Deaf individuals are up to seven times as likely as their hearing peers to have heart disease, high blood pressure, and strokes.
That's according to research from RIT's National Technical Institute for the Deaf and the University of Michigan.
Professor Peter Hauser, director of NTID's Center on Cognition and Language, recently reported to a UN committee in Geneva, Switzerland about the problem.
Hauser said, through an interpreter, these health disparities are the result of knowledge gaps in the deaf community.
"Hearing people, normally the more educated they are, the more they also know about health issues. But that's not true for the deaf community. There are deaf individuals with Master's degrees and PhDs who don't know as much about health information as their hearing peers."
On reason is deaf individuals may not be aware of their family's medical history because often those conversations happen in spoken English. The same barrier keeps deaf and hard of hearing people from picking up health information on the radio or TV.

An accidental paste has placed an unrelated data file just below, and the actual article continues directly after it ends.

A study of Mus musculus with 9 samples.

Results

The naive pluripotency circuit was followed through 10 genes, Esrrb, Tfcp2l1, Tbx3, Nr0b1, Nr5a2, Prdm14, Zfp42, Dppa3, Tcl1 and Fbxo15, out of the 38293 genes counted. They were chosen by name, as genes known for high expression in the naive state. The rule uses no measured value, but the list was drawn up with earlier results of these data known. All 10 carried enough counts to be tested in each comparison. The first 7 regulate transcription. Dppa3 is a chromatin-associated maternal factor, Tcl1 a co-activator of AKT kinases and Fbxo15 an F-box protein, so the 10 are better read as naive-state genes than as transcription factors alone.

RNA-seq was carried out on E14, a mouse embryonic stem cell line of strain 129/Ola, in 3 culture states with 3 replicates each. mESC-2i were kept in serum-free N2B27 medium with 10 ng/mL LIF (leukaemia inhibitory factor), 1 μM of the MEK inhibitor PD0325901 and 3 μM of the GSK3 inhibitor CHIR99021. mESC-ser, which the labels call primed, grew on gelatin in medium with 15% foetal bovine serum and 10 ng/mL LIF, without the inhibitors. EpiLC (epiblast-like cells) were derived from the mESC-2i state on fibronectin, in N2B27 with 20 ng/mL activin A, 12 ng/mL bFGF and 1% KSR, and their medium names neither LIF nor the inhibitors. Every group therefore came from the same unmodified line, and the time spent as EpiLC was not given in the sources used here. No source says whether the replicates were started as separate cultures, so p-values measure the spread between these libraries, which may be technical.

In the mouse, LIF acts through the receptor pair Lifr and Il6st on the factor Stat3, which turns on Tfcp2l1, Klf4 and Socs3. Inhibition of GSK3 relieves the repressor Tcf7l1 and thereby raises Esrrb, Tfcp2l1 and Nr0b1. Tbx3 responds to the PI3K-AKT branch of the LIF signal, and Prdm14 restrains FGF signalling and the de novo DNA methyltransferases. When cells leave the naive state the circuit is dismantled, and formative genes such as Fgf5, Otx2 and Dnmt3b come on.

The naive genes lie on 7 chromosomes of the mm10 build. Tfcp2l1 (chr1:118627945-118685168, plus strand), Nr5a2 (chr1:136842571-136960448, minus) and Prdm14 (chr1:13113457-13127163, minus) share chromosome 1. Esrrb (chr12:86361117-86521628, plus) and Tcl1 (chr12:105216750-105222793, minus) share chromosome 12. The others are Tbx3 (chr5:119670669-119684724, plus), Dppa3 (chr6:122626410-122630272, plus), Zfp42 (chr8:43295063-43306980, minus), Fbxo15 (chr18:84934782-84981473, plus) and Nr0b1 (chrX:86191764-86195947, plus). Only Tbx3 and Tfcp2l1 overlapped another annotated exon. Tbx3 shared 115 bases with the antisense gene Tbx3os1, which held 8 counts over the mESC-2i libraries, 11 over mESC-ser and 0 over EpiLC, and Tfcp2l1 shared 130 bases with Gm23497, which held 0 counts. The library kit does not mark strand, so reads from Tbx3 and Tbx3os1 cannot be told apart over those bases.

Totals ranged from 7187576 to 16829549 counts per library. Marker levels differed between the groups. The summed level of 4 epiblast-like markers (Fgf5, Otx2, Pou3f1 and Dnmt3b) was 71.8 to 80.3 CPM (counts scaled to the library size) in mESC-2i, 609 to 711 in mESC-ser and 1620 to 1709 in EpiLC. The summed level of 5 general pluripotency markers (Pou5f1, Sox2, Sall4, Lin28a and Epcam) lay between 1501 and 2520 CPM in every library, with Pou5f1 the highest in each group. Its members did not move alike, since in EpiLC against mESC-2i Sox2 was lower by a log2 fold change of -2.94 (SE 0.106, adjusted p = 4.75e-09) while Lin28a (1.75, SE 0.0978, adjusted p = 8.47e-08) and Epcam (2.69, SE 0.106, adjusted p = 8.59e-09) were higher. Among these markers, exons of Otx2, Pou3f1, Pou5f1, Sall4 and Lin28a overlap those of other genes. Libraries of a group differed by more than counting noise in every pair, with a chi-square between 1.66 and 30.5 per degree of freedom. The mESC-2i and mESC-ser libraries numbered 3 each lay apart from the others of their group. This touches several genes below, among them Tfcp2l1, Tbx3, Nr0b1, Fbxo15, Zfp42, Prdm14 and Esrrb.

In Rochester, with its high per capita deaf population, Hauser says a lot of doctors are fluent in American Sign Language or understand how to use interpreters, but that's not necessarily the case in the rest of the country or in other parts of the world. Even in Rochester, he says there is room for improvement.
"I guess part of the reason is high turnover,” Hauser said. “People move to Rochester and then move away. Or they move here and they're not familiar with the deaf community and so we have to consistently educate people about deaf individuals and we have to continue educating parents who just found out that their child is deaf."
Hauser stresses the need for more qualified sign language interpreters with training in health care and more opportunities for deaf individuals to get training in health care professions. He says it’s also important to train hearing health care providers on how to work with deaf co-workers, patients, and their family members.